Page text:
Rail fares may rise by up to 8% next year if the Department for Transport (DfT) is hit hard in the government's spending review, sources have said.
While many rail fare rises are currently capped at inflation plus 1%, the department could change that to inflation plus 2% or 3% in the autumn.
Increases are based on July's RPI measure, expected to be 5%, which could mean increases of up to 8%.
Consumer watchdog Passenger Focus urged train operators to show restraint.
Transport Secretary Philip Hammond said: "It would normally be the case that next year's regulated train fares are calculated using July's inflation figure, plus 1%.
"But this is not a normal year. The scale of the financial crisis that we have inherited means that we will have to make some tough decisions in the spending review which concludes this autumn.
"I am therefore not yet in a position to determine next year's fare increase.
"It would be irresponsible, at a time when investment in the railway is under pressure, to rule anything out until the spending review is concluded."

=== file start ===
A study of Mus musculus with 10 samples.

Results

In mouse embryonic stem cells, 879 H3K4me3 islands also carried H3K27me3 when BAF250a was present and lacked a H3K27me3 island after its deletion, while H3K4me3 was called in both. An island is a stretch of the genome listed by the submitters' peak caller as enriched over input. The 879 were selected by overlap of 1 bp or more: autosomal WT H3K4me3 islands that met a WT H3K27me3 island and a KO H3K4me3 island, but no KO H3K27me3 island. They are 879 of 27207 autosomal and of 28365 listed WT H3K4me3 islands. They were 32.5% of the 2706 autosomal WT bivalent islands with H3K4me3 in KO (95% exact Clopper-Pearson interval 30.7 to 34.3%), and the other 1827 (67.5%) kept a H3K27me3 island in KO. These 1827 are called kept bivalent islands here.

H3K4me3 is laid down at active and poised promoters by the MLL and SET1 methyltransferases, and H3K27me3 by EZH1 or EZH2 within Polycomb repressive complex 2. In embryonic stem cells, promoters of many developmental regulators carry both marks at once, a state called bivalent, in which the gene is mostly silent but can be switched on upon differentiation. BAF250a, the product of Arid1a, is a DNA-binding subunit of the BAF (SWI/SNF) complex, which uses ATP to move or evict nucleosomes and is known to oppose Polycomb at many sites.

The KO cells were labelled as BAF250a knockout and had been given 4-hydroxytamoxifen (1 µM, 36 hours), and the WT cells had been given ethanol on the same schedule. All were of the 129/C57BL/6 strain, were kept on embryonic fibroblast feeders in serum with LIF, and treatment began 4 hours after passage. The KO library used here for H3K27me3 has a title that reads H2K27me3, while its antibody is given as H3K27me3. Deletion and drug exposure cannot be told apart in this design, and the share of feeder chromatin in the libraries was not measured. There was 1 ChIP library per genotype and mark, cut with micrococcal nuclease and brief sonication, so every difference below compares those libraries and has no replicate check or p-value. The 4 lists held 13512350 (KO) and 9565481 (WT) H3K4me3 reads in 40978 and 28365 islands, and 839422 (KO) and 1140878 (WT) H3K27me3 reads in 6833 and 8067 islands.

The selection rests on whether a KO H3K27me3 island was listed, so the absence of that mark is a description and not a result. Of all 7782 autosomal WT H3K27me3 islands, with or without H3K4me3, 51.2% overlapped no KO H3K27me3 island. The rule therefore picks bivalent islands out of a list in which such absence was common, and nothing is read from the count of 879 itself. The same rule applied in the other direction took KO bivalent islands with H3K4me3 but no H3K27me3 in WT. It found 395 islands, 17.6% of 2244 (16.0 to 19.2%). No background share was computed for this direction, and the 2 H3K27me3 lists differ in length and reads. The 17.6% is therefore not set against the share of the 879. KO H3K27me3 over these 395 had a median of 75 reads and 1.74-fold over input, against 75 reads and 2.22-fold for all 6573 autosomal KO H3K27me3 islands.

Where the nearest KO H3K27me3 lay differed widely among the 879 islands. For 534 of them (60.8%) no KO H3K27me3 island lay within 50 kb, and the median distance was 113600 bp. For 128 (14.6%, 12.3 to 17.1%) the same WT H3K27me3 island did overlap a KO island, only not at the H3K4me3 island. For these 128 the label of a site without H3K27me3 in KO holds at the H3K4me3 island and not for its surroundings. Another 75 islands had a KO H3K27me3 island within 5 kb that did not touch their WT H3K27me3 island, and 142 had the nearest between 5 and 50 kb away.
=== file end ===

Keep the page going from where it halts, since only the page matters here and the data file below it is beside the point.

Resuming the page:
A spokesman for the Association of Train Operating Companies said predictions of rail fare rises were "just speculation".
Gerry Doherty, leader of the TSSA transport union, said the Liberal Democrats must stick to a manifesto commitment to change the annual fare price rise formula to RPI minus 1%.
Mr Doherty said that "to do anything else would be to betray rail users" who voted for the party.
Bob Crow, general secretary of the RMT, said the government was protecting rail companies from the cuts by allowing fares to "shoot through the roof".
"Private rail profits will be ring-fenced while the travelling public are forced to pay through the nose to travel on overcrowded cattle trucks on dangerously under-maintained tracks," he said.
Alexandra Woodsworth of the Campaign for Better Transport said: "Particularly now, with high fuel prices, we need to make sure the train gives people a real alternative to driving".